Does The Song Sing The Singer Or The Singer Sing The Song?

Interesting thing about learning how to sing and making it big and loud and round and warm and high and low and gorgeous and all…is, once we finally acheive that vocal apex, we have a tendency to forget what thrilled us about singing in the first place which, uh, “used to be” that direct, electrical and emotional connection between ourselves and our audience.

It was almost better when we didn’t know what we were doing, right?

Now we’re so good, we thrill ourselves every time we open our collective mouth.

We basically sing love songs to ourselves.

After all of our vocal working out, we now believe that a perfect voice is the perfect choice.

It’s not.

Someone may have a chiseled body defined by years of lifting weights and exercise, but if all they ever do is just stand there pointing out how great their lats, pecs, quads, etc. are, it gets pretty damn dull pretty quick, doesn’t it?

So why do we do that same thing as singers?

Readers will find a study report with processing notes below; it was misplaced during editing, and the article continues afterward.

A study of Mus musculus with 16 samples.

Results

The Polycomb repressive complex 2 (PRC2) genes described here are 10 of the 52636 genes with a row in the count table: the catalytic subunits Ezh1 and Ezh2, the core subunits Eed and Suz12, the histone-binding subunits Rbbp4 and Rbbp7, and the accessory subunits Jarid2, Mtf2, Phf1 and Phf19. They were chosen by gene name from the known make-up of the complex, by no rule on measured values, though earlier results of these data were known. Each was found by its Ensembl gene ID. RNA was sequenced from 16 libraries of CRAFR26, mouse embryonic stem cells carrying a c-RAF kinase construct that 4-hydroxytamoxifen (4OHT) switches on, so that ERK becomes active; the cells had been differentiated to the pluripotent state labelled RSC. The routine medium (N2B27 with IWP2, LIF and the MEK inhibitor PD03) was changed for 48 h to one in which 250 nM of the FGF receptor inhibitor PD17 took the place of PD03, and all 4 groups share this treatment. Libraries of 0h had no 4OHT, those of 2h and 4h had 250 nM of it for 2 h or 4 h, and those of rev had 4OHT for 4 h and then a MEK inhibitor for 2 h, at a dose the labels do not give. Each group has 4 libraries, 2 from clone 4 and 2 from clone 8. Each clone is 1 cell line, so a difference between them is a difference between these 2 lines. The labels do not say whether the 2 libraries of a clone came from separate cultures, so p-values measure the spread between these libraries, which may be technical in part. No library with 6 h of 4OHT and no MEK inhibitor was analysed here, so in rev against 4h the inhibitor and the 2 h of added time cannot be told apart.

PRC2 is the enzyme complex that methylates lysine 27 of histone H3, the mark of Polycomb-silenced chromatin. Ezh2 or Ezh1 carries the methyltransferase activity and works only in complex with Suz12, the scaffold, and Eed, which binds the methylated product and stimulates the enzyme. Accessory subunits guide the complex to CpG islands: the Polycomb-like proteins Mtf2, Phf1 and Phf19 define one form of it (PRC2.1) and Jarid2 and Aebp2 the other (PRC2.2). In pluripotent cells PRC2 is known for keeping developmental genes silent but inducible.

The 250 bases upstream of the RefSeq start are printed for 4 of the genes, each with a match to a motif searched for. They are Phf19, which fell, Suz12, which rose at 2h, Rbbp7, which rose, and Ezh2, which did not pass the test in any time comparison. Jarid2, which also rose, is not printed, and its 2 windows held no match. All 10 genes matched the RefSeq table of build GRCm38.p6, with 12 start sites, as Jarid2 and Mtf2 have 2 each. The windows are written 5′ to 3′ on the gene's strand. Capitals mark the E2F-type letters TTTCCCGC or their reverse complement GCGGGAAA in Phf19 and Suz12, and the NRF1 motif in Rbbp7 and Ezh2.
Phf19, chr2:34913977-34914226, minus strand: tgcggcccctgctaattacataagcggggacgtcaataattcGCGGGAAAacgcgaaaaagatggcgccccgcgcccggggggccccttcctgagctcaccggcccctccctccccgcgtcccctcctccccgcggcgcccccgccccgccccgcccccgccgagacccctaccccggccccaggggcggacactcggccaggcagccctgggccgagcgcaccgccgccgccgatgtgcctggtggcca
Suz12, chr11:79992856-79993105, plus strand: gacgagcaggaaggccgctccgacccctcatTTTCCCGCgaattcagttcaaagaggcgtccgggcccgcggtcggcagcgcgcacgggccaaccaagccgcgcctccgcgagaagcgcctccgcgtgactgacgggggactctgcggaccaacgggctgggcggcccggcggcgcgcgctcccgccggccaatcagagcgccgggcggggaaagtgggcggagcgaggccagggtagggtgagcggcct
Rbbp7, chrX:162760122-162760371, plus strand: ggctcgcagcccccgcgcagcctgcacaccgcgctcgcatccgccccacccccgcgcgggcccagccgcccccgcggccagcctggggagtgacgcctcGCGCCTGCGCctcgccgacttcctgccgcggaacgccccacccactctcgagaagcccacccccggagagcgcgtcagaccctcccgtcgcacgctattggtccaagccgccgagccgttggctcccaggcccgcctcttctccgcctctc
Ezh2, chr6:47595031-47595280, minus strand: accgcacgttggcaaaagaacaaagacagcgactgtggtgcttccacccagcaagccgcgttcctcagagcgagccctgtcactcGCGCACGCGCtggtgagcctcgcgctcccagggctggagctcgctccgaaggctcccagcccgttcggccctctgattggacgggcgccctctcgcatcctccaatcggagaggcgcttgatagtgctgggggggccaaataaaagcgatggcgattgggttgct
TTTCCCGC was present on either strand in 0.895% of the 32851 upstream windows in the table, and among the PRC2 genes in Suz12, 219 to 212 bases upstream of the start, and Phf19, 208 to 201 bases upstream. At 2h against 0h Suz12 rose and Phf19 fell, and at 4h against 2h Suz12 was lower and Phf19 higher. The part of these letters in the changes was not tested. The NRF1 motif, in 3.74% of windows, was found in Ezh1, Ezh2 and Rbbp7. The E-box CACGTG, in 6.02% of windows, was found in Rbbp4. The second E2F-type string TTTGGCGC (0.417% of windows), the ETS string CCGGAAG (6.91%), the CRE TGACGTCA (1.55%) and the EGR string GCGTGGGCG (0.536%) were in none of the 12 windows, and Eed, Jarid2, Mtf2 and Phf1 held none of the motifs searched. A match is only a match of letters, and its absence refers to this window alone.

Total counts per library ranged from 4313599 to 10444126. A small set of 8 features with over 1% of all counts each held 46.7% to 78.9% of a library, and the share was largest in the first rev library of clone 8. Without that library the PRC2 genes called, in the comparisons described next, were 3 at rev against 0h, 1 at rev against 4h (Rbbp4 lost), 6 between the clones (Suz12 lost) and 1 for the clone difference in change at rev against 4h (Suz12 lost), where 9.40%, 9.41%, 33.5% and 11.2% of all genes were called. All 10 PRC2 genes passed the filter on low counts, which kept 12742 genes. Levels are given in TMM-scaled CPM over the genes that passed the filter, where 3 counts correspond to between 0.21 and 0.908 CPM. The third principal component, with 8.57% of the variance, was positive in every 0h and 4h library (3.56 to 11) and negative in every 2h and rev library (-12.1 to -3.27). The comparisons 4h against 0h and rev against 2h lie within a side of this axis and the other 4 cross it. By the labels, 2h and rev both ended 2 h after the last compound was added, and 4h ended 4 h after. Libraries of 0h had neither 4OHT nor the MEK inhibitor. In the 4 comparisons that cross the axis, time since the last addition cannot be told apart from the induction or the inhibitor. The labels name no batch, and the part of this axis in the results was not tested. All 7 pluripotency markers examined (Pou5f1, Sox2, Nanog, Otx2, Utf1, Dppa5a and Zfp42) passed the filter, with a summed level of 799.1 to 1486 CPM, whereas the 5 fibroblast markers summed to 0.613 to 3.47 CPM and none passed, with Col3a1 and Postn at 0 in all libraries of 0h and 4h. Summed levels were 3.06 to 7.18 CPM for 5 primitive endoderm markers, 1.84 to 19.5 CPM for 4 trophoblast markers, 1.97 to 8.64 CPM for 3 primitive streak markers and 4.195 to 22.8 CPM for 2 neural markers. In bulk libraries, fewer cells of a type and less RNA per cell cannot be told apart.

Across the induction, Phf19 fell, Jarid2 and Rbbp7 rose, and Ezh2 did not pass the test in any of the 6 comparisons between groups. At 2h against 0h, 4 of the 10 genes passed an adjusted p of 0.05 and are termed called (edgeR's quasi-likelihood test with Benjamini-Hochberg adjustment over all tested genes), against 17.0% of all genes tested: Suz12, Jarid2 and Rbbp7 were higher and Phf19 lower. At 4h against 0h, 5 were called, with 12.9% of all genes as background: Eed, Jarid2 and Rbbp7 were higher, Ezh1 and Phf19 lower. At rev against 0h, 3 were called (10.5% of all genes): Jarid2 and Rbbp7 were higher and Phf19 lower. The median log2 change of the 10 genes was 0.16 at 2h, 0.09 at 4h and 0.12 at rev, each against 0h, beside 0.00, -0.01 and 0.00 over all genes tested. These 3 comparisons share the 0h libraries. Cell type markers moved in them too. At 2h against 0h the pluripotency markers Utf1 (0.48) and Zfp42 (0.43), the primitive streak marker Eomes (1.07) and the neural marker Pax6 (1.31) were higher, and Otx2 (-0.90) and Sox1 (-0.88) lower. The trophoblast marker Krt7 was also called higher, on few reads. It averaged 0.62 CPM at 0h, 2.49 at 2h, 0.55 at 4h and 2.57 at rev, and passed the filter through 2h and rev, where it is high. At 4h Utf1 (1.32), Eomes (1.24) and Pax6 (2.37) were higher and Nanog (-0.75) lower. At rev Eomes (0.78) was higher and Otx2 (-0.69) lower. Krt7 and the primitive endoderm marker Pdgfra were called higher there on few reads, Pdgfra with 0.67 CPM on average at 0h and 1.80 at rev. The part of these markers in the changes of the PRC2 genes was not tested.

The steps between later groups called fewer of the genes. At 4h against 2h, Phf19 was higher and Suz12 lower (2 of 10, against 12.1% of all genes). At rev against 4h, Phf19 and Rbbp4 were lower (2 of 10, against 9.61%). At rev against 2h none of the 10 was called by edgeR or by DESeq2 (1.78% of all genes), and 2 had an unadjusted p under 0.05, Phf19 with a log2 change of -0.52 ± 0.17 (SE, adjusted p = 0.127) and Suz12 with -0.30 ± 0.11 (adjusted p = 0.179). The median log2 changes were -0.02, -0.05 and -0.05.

How many cabarets do we have to sit through with singers affecting emotion through vocal hi-jinks?

How about those musical theatre “actors” who stomp and knit their brow or scrunch up their face to show emotion?


We are singers. We sing the songs.

We can’t let the songs sing us.

If we “fake it,” all of us end up in Performance Hell where it’s more important to remember all the words and hit all the high notes. Fun, huh? The real drama on stage ends up being the game of catch-up we play with ourselves.

Not fun. Not dangerous enough.

Definitely not an artistic experience.

A live performance has to be electric.

Every time.

A live performer has to be present.


And a song is an ongoing journey that a singer takes the audience on.

Step by step by step.

Otherwise, the song sings the singer.

And we can’t have that, can we?

So what should we do?

1) Have fundamental, great technique;

2) Know our material upside down, inside out, backwards and forwards, fast, slow and in a foreign language if need be;

3) Get on stage, forget about 1 and 2 and focus on who you’re singing to and why you need to sing to them. Create the question, create the debate, make it a conversation and let it fly.